With no limit to the number of brands registrable by one entity, many companies choose to register a variety of different brands. Indeed, you may not be aware, but the majority of household-name trademarks are owned by only a dozen multi-national corporations. This therefore begs the question, why do these companies register so many different brands?

Take the Dutch-British company Unilever, for example. Although you may not have heard of this company, you would be surprised to know that a variety of seemingly different brands are all owned by this one corporation. Ranging from foods to household cleaning products to toiletries, some of their famous brands include Magnum ice creams, Persil and Dove. Without prior knowledge of this fact you would be forgiven for believing that these brands were owned by companies existing in entirely separate market sectors.


The reasons that companies may wish to register a variety of different brands can be manifold, but there are some key factors weighing in the decision, all of which primarily concern the company’s ability to maximise their market presence in some form.


Branching into other sectors

As is evidenced by the Unilever example, some companies choose to register a multitude of different brands in vastly different market sectors. One rationale for this may be that the company is then able to establish roots across a range of markets, thereby increasing their overall market presence.

Registering different brands in different sectors also creates new opportunities for a business to expand, which can in turn prove both financially and strategically beneficial.


Be their own competition

Companies may also register a variety of different brands so as to eradicate as much competition as possible. Companies register different brands in direct competition with each other within the same sector so that, regardless of consumer preferences and choices, the company will always be receiving their custom, whatever product they choose.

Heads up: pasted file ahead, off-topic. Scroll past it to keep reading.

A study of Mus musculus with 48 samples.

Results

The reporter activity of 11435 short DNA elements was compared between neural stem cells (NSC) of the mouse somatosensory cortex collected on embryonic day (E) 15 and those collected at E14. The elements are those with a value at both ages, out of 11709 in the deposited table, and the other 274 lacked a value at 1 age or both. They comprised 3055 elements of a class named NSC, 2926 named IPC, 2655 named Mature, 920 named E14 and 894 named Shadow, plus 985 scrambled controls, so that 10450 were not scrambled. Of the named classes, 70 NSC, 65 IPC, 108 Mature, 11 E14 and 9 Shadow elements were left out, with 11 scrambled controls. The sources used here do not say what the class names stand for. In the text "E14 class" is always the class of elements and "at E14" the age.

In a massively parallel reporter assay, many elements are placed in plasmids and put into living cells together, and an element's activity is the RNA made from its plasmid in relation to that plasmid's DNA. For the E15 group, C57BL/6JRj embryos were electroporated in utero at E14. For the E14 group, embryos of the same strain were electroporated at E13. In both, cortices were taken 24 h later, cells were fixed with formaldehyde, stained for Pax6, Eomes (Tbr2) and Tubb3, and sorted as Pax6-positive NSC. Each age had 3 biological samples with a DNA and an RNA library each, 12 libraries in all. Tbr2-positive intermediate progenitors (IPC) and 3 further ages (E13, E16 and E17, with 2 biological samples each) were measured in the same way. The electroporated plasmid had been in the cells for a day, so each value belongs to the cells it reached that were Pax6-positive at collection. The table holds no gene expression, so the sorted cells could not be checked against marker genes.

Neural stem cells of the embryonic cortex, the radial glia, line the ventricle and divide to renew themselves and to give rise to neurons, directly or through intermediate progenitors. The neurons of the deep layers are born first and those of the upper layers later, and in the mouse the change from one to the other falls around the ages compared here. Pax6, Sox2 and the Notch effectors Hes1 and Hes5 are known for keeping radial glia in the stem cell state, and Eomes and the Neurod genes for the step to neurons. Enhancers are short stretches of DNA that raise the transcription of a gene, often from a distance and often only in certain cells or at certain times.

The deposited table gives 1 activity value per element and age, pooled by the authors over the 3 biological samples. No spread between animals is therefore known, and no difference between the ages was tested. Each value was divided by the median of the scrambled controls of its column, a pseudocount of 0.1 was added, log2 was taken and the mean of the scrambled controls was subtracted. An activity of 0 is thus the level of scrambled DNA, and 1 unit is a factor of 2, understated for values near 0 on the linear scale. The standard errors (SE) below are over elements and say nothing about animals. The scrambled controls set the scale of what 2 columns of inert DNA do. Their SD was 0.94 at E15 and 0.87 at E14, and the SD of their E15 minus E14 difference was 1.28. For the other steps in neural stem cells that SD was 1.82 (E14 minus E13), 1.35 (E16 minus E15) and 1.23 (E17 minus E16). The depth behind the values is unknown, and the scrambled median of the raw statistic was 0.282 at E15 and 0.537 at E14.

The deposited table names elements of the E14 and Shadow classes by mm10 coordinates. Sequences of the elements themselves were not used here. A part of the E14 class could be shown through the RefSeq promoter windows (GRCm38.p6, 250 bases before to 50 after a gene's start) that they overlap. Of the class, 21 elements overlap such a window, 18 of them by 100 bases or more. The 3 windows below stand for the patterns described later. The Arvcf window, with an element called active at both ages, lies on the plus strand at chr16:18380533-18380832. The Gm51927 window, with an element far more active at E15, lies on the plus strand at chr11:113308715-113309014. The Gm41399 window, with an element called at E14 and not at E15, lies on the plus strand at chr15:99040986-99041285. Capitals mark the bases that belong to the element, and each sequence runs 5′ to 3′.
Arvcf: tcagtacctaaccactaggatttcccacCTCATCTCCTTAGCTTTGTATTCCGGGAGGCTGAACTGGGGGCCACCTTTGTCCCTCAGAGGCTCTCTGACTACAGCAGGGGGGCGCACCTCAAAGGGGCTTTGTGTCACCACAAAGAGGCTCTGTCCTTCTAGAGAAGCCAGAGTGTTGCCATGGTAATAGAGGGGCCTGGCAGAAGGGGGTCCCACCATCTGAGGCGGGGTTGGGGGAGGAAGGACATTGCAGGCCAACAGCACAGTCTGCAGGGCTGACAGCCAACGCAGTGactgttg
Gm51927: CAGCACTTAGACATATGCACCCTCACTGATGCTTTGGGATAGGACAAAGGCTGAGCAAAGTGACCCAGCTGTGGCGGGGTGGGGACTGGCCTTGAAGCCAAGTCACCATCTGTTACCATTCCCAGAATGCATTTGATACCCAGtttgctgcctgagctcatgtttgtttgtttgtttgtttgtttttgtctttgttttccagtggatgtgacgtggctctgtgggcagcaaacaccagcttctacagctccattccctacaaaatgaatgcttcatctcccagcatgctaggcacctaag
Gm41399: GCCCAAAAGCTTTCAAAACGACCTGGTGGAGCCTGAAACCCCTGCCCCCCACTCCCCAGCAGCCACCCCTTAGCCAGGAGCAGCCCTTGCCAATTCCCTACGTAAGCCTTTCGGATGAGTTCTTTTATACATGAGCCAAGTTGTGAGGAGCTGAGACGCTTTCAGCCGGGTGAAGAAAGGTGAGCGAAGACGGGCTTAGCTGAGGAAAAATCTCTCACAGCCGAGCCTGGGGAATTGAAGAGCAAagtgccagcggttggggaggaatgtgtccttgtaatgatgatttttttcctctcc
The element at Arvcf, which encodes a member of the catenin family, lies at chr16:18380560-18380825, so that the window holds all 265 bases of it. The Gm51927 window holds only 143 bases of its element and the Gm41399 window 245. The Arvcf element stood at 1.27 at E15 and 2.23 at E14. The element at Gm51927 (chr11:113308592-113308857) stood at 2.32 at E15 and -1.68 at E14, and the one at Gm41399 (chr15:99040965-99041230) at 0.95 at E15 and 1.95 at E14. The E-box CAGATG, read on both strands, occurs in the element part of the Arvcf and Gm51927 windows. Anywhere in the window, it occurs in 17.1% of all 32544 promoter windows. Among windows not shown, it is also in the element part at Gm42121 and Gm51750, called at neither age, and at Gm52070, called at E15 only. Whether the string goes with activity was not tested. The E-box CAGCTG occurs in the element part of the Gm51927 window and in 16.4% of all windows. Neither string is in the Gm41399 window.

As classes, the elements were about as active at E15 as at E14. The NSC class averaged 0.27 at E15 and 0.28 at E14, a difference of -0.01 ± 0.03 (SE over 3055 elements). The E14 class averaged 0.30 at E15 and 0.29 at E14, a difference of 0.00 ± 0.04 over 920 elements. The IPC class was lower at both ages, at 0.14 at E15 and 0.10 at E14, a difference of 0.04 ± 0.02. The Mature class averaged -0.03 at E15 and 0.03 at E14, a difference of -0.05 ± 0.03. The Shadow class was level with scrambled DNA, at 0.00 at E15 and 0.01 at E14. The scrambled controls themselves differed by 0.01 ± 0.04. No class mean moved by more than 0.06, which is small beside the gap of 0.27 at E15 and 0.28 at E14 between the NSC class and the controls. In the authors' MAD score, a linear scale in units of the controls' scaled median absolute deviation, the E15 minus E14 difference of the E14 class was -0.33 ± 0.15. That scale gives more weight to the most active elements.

By registering different brands which are in direct competition with each other a company does its utmost to try to ensure that they receive as much business as possible by filling the market with their own brands.

For example, Unilever has registered both the Flora and Bertolli brands for cooking butters and oils. Ownership of both brands results in maximum sales for the company, as consumers who may be looking to sample a new brand of cooking oil are more likely to buy another Unilever brand simply by sheer probability. The more brands a company owns, the more chance that consumers will choose to buy them.


National variations

Another rationale for registering multiple different brands could lie in the national variations of pre-existing brands. For example, with Unilever’s Magnum brand, a variety of Magnum brands are registered by the company in different territories. As well as an EU registration for their Magnum brand, the company has also registered certain variations of the brand in specific different territories, including the UK and Turkey.

Registrations of variations on the same brand are again used to increase the company’s market presence internationally, as well as providing the opportunity to tailor a specific brand to certain territories.


Hedging their bets?

Companies may also be registering a variety of different brands in order to maximize their profit potential. With IP embodying such an invaluable asset to businesses, it is understandable that companies may wish to register as much as possible in order to maximize their chances of achieving success with some of their registered brands.

Effectively, companies register so many different brands in order to hedge their bets – they are aware that only a portion of their endeavors will be successful, and therefore the more brands they register, the more are likely to achieve success.

Given the costs involved in actually registering a brand it is worthwhile for a successful company to try and register multiple brands, as the potential profits of a successful brand will far outweigh the costs associated with registering the less popular and potential failures of brands.